Journalist Donna Rosenthal was inspired to write “The Israelis: Ordinary People in an Extraordinary Land” when a CNN producer (her former journalism student) told her: “I’m confused, and our viewers are confused. We have footage of Jews who look like Arabs and Arabs who look like Jews. We have black Jews, and bearded 16th-century-looking Jews in black hats and sexy girls in tight jeans. Who in the world are these people?” Rosenthal — a former Israel TV news producer and Israel Radio reporter whose articles have appeared in the Los Angeles Times, The New York Times, Newsweek and The Atlantic — decided to write a “bible” for reporters who cover Israel. This country, about one-eighteenth the size of California, has more reporters per capita than any other. Since the April release of the 2008 paperback edition of “The Israelis” (Free Press/Simon & Schuster), especially updated for Israel’s 60th anniversary, Rosenthal has been interviewed on many radio and TV programs and is finding that confusion and misunderstanding about Israelis abound.
A reporter in Connecticut whose radio show is syndicated to 300 stations asked me, “If I wanted to visit Israel, are there any modern hotels to stay in?” I told her that not only would she would she find modern hotels, but also that high-tech is the engine that drives the Israeli economy, and that within one hour you can meet Israelis at Intel who designed the Pentium and Centrino chips used in most of the world’s computers — as well as the teenage third wife of a Bedouin who lives in a tent and watches soap operas by satellite dish.
An astounding number of reporters know very little about non-Jewish Israelis. One reporter asked me, “Why don’t Israelis throw all the Arabs out of Israel?” He didn’t know that one in five Israeli citizens is Arab Muslim, that about 25% of Israeli children are Muslim, that the most common name for an Israeli boy is Muhammad or that Israeli Muslims are teachers, bus drivers and members of the Knesset — which has a mosque and a synagogue inside.
A nationally syndicated radio reporter in Washington, D.C., who had visited Israel argued with me on air that the Druze are Muslims. She didn’t know that Druze is a religion; that after Druze men are drafted, they swear in on their secret holy book, or that Muslim volunteers for the Israel Defense Forces swear in on the Quran.
Another time, while I was in a TV studio with an editor who has worked for PBS’s “NewsHour,” an Israeli friend arrived to meet me for lunch. In front of the Israeli, I asked the editor if he knew what a Druze is. “Yes,” he answered, “they’re terrorists.” Then I introduced the Jewish editor to the Israeli: Ambassador Reda Mansour, Israel’s consul general in Atlanta — and a Druze.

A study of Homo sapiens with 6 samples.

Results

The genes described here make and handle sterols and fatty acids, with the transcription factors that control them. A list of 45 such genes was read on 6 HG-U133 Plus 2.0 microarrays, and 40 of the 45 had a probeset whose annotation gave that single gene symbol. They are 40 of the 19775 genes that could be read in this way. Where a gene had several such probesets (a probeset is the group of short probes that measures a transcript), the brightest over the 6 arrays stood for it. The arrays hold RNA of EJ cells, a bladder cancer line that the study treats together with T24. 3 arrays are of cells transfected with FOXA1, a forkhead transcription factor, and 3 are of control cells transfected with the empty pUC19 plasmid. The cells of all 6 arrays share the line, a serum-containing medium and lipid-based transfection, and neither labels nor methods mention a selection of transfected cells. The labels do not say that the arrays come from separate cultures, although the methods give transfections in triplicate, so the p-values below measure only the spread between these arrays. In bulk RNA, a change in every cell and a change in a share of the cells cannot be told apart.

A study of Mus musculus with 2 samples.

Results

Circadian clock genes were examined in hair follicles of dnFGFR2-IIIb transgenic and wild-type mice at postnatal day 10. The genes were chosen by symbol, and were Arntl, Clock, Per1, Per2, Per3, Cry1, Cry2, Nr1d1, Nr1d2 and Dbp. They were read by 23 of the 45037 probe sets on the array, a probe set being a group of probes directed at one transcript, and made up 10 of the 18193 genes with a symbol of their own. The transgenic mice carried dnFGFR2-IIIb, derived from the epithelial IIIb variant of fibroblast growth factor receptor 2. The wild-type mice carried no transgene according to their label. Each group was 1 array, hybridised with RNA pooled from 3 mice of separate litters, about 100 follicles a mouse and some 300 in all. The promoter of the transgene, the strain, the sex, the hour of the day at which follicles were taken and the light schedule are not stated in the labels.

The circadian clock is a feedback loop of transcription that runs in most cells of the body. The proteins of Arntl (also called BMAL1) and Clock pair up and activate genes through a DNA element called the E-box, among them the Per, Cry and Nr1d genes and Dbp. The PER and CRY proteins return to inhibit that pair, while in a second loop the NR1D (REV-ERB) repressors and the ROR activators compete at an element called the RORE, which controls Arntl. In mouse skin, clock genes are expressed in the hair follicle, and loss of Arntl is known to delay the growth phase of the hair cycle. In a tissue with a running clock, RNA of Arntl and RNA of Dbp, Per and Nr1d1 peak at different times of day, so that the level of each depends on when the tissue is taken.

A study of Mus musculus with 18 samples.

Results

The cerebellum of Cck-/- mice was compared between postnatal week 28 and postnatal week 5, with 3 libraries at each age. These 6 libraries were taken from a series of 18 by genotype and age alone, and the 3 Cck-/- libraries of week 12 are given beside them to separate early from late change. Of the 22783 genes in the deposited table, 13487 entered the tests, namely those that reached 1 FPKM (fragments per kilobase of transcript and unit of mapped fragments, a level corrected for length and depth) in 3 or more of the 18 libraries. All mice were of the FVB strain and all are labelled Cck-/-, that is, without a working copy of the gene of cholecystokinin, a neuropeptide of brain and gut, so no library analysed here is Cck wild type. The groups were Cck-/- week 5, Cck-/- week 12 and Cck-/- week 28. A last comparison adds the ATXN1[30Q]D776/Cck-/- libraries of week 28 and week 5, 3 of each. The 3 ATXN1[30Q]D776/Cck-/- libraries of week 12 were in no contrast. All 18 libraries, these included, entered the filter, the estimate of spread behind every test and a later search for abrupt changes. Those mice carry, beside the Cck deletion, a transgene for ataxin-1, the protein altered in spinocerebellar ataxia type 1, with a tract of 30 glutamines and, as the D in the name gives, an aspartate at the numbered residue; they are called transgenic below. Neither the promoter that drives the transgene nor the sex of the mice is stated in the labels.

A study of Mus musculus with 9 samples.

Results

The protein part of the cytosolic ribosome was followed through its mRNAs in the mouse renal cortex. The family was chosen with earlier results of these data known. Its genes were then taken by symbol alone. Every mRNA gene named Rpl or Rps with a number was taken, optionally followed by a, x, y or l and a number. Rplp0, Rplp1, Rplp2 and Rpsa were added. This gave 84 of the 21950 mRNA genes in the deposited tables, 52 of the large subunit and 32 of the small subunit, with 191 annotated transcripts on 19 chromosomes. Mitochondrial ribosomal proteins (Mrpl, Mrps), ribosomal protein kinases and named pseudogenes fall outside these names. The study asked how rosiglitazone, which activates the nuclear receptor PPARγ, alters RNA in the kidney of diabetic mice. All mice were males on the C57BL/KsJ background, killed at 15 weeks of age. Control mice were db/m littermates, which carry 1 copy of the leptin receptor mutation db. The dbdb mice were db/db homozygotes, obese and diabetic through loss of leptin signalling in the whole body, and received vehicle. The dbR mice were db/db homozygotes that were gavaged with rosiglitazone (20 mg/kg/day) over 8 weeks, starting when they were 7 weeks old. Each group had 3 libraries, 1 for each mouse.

Yasser Mansour, an Israeli Muslim pediatrician from Haifa whose patients are Jewish and Arab children, is profiled in one chapter in “The Israelis.” While he was in San Francisco for a medical conference, I took him to an event at a Jewish community center. During the talk, the speaker asked the audience how many knew what Lag b’Omer was. No one responded. Yasser, a Sunni Muslim, shyly raised his hand and explained the meaning of the holiday to some 300 Jews. I’ve discovered that young Israeli Muslims, Christians and Druze often know better Hebrew and more about Judaism than many do Jewish Americans.
During Passover last month, a Presbyterian pastor asked me on radio about this holiday, which all “the Israelites” are celebrating. I had to explain to him that not all Israelis are Jews — that on Orthodox Palm Sunday, April 20, many Israeli Greek and Russian Orthodox Christians were celebrating Easter. In fact, of all Israelis, Christian Arabs are the most affluent and highly educated per capita, and the Christian Bible is a fast-growing holy book in the Israeli army. More than half the former Soviet immigrants are not Jewish, and the IDF has a small but increasing number of Christian Arab volunteers.
And Israelis are sometimes no less ignorant about their fellow Israelis, especially those from different religious, ethnic or political backgrounds. The host of a weekly New York radio show asked me what impact the avalanche of immigrants from the former Soviet Union is having on Israel. When I offered a positive answer, an irate caller, identifying herself as an ultra-Orthodox Israeli, admonished me: “Those Russians are prostitutes and mafia, and they’re taking our jobs.” In fact, these immigrants are an enormous brain gain, giving Israel the world’s highest number per capita of engineers, scientists and unemployed orchestra conductors. About 25% of Israel’s high-tech employees were born in the former Soviet Union.
During a morning “drive-time” interview, a Jewish radio reporter in New York City asked me, “Why don’t Israelis move to a safer country?” I was speaking from bed — it was 4 a.m., Pacific Time — and wanted to pull the blanket over my head. Another Jewish reporter for a California radio station, trying to end her interview on an upbeat note, asked, “So, what’s the final solution for the Jews?”
I once gave my university journalism students a multiple-choice exam with this question: What is the size of Israel? Quite a few chose “slightly smaller than China.” One of my best students interviewed a former Auschwitz inmate, and in her article she identified him as a “survivor of a concentration campus.” “Is ‘campus” a typo?” I asked. She responded no. Today she’s a reporter on an NPR affiliate.
Donna Rosenthal blogs at www.donnarosenthal.com.